2014 Paul Ambrose Scholar Matt Mara DMD 16 Seeks Stronger Interprofessional Ties to Enhance Community Health
Matt Mara DMD 16 attended a Student Leadership Symposium in Washington, DC, June 20–22, 2014, as a 2014 Paul Ambrose Scholar with 39 other scholar students from a range of health professions. As a Paul Ambrose Scholar, Mara is developing and implementing a community-focused project that touches on some of the high-priority health issues in the U.S. population highlighted in the Healthy People 2020 Leading Health Indicators developed by the Department of Health & Human Service.
The Paul Ambrose Scholars Program is a collaborative initiative between the Association for Prevention Teaching and Research and the Office of Disease Prevention and Health Promotion. The program prepares public health and clinical health professions students to address population health challenges at the national and community level.
Mara described the Student Leadership Symposium as an “awesome experience.” There, he networked with students from a spectrum of health professions, including allopathic medicine, graduate nursing, physician assistant programs, public health, osteopathic medicine, and pharmacy.
“There are so many different routes to creating a change in your future career; and you don’t really realize this until you’re with a group of people who have similar interests to you,” said Mara. “It was really nice to talk to other students and make some really good friends.”
The symposium agenda included talks from public health leaders relating to prevention, health policy advocacy, social determinants of health; mentored roundtables; interprofessional networking; and project planning and refinement.
A highlight of the symposium was a talk given by the Acting United States Surgeon General, Rear Admiral Boris D. Lushniak. Mara delivered the final question of the discussion session with Dr. Lushniak: He asked the Surgeon General what he had had for breakfast that morning. His answer: “wheat toast, eggs, and yogurt.”
For his project as Paul Ambrose Scholar, Mara will be working to create a referral system between Boston Medical Center and the Boston University Henry M. Goldman School of Dental Medicine (GSDM) that links obstetric care, addiction counseling, and dentistry.
Inspiration for this project to help women have healthier pregnancies came from an elective Spectrum of Patient Advocacy course, when Dr. Michelle Sia, an obstetrician at Boston Medical Center (BMC), visited Mara’s class to introduce Project RESPECT. It is an interdisciplinary treatment program involving high-risk obstetrical care, psychiatric evaluation and treatment, group counseling services, and individual support for addiction recovery and labor coaching via the Birth Sisters program. Mara saw immediately that adding oral health care to the services offered to these women would make their care truly comprehensive.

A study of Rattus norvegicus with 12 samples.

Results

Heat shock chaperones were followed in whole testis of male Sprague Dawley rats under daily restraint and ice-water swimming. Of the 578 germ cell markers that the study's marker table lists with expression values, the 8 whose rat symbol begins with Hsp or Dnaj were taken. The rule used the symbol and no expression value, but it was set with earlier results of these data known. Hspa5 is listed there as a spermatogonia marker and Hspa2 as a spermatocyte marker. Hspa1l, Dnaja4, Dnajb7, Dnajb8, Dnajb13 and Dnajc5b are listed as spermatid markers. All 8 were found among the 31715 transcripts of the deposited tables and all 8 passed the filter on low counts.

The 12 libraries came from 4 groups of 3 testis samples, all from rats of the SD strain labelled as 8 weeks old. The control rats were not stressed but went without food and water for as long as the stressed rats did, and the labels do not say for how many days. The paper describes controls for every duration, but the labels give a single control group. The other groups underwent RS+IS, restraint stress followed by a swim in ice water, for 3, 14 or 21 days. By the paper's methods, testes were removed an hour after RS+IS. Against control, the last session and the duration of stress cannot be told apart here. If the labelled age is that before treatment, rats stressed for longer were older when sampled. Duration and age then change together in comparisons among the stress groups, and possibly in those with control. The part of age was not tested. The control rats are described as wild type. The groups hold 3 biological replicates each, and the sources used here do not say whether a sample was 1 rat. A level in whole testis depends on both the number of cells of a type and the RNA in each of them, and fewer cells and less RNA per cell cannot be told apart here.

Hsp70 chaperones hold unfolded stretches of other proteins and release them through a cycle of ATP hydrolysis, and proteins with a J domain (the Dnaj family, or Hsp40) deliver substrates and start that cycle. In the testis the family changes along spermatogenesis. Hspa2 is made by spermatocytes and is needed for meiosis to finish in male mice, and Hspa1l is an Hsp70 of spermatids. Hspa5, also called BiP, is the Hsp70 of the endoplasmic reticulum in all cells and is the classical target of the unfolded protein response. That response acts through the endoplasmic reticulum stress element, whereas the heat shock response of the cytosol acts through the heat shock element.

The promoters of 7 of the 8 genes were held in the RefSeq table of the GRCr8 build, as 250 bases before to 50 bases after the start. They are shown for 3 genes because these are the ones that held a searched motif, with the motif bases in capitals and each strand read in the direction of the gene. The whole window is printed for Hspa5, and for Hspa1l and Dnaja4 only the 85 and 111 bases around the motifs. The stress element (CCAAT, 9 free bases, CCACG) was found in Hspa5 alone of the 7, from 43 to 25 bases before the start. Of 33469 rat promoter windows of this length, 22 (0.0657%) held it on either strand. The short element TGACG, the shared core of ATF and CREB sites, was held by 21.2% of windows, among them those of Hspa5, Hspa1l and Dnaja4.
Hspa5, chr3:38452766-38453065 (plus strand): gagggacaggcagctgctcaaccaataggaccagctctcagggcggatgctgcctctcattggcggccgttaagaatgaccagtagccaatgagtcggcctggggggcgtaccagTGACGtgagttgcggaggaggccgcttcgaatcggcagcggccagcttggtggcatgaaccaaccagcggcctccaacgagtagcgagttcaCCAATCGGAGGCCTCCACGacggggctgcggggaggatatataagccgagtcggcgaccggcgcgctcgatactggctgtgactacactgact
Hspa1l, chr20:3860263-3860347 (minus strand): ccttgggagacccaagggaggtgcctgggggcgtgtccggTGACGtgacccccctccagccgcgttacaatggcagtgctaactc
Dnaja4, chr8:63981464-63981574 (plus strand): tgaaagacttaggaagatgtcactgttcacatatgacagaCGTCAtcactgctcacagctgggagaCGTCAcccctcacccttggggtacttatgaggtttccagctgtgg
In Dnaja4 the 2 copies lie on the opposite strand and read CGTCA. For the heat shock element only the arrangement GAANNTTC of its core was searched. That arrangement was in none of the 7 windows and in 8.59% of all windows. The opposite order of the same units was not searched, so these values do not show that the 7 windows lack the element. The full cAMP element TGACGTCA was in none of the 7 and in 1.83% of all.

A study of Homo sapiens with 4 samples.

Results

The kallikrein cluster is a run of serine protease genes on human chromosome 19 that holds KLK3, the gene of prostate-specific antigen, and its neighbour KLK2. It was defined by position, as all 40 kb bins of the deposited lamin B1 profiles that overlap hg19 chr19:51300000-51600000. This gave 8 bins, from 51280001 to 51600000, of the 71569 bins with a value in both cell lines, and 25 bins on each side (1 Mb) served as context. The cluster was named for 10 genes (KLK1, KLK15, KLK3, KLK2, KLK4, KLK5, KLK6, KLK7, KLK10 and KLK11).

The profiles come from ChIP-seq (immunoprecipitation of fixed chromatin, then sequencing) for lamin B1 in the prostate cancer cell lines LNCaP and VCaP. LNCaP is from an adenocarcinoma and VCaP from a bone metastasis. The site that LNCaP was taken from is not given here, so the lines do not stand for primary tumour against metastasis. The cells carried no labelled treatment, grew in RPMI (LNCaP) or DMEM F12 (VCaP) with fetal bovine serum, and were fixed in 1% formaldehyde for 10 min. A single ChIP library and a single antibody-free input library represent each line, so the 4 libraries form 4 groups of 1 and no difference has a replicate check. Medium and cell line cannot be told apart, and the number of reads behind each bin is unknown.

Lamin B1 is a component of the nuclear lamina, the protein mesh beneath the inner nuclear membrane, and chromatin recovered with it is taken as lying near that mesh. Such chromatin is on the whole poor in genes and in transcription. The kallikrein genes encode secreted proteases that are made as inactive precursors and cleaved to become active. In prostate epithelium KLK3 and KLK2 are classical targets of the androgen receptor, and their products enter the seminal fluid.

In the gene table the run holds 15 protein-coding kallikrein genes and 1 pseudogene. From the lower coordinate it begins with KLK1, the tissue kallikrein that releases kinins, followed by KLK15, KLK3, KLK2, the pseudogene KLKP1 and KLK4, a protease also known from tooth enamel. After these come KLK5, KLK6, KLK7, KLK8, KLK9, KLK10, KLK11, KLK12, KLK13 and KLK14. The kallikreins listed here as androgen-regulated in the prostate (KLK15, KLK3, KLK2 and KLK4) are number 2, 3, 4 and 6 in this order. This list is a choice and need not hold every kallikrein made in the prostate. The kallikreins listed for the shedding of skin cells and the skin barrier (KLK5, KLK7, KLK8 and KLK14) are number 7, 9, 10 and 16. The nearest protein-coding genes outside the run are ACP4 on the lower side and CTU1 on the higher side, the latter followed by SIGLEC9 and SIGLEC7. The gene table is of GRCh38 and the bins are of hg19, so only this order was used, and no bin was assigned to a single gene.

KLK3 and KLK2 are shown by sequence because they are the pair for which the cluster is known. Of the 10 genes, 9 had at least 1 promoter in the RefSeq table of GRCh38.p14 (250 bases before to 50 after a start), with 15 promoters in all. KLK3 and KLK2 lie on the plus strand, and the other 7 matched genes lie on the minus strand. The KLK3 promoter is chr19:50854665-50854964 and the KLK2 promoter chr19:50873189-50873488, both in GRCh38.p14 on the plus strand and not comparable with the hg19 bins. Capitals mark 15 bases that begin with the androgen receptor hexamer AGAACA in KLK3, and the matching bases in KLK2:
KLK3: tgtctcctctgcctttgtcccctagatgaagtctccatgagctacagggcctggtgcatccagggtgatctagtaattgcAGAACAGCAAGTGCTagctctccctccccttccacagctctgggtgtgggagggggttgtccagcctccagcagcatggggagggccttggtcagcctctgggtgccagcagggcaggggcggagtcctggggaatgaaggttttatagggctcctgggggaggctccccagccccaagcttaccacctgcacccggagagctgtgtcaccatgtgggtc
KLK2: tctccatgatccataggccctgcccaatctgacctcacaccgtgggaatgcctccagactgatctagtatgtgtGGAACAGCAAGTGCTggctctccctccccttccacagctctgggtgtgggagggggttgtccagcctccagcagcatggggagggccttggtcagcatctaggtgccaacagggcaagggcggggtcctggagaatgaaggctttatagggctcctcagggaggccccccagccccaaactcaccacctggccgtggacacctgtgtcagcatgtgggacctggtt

Mara points out that pregnancy presents many new oral health care challenges. For instance, hormonal changes put pregnant women at greater risk for gum disease. Oral health care practitioners can also give practical advice, such as how soon to brush after experiencing vomiting from morning sickness. “Everyone’s initial instinct is to immediately brush your teeth,” said Mara. “But really you should wait as long as 20 minutes because brushing with acid in your mouth can destroy enamel.”
Mara does not intend for his project to end in a year, but become a sustainable link between some of the programs at BMC and GSDM.
“I’m hoping that more students will be involved in this kind of thing,” said Mara. “It’s a great opportunity to really expand outside of the mouth, which is where we spend a lot of time thinking. It’s a valuable experience to be able to interact with other students from different professions.”
Dean Jeffrey W. Hutter said, “Congratulations to Matt on his outstanding achievement.” He continued, “I am always proud to see our students achieve national recognition. I strongly support Matt’s goal of seeking robust interprofessional ties within our Medical Campus to make a positive impact on the overall health of our community.”